Raducanu then went on to make the quarter-final of the ITF USA 16A before receiving another wild card for a WTA 125k Challenger event in Chicago, and made it all the way to the final, leaving at a new career high of world No.150.
The Bromley teenager also received a phone call from her parents during her North American hard-court season, informing her she had received an A* in maths and an A in economics, as she prepared to qualify for her second Grand Slam main draw in New York.
What happened next was something that had never previously been accomplished in the sport, as Raducanu came through three qualifying matches and seven main-draw matches without dropping a set, to become the US Open champion, the first qualifier ever to win a Major and the first woman to win a Grand Slam on just her second attempt.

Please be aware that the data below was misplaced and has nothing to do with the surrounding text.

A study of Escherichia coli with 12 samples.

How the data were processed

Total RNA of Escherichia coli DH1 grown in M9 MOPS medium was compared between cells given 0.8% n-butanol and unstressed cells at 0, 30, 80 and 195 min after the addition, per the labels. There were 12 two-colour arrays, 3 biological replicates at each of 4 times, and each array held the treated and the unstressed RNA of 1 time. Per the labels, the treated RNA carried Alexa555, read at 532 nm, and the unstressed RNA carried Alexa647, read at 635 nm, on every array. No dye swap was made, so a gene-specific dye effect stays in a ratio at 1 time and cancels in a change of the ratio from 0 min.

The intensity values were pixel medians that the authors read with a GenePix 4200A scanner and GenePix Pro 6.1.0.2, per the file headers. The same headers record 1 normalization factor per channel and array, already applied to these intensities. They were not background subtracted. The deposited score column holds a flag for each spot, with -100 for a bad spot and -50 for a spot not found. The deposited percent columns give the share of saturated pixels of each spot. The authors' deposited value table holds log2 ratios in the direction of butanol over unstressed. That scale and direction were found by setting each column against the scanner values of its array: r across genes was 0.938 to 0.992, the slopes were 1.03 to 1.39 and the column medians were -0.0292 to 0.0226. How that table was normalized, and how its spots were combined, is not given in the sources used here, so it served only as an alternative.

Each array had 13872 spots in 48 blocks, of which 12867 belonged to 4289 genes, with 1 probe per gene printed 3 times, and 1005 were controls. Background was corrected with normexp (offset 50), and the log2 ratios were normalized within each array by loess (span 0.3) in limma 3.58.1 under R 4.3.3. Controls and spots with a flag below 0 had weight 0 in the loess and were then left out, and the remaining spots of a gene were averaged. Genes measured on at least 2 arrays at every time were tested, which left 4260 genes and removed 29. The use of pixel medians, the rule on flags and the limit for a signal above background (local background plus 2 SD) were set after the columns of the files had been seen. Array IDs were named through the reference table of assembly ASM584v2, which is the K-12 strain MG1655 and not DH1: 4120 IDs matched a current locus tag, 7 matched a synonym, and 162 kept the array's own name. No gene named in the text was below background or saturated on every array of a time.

She’s now not only one of the biggest names in tennis, but one of the biggest names in the sporting world, and her popularity is clear as she has amassed over two million Instagram followers, after having started the US Open on around 400,000.
Amid the red-carpet events, royal meetings and ambassador signings with brands like Tiffany & Co, Britain’s latest Grand Slam champion remains humble as she heads into her next tournament, having admitted that her favourite memory from the past few weeks was still the night she won the trophy and celebrated with her team.
She will now face former world No.30 Sasnovich in her opening match in Indian Wells on Friday (October 8) – her first since the US Open – and could meet her idol, two-time Grand Slam champion Simona Halep in the third round if both players can win their second-round matches.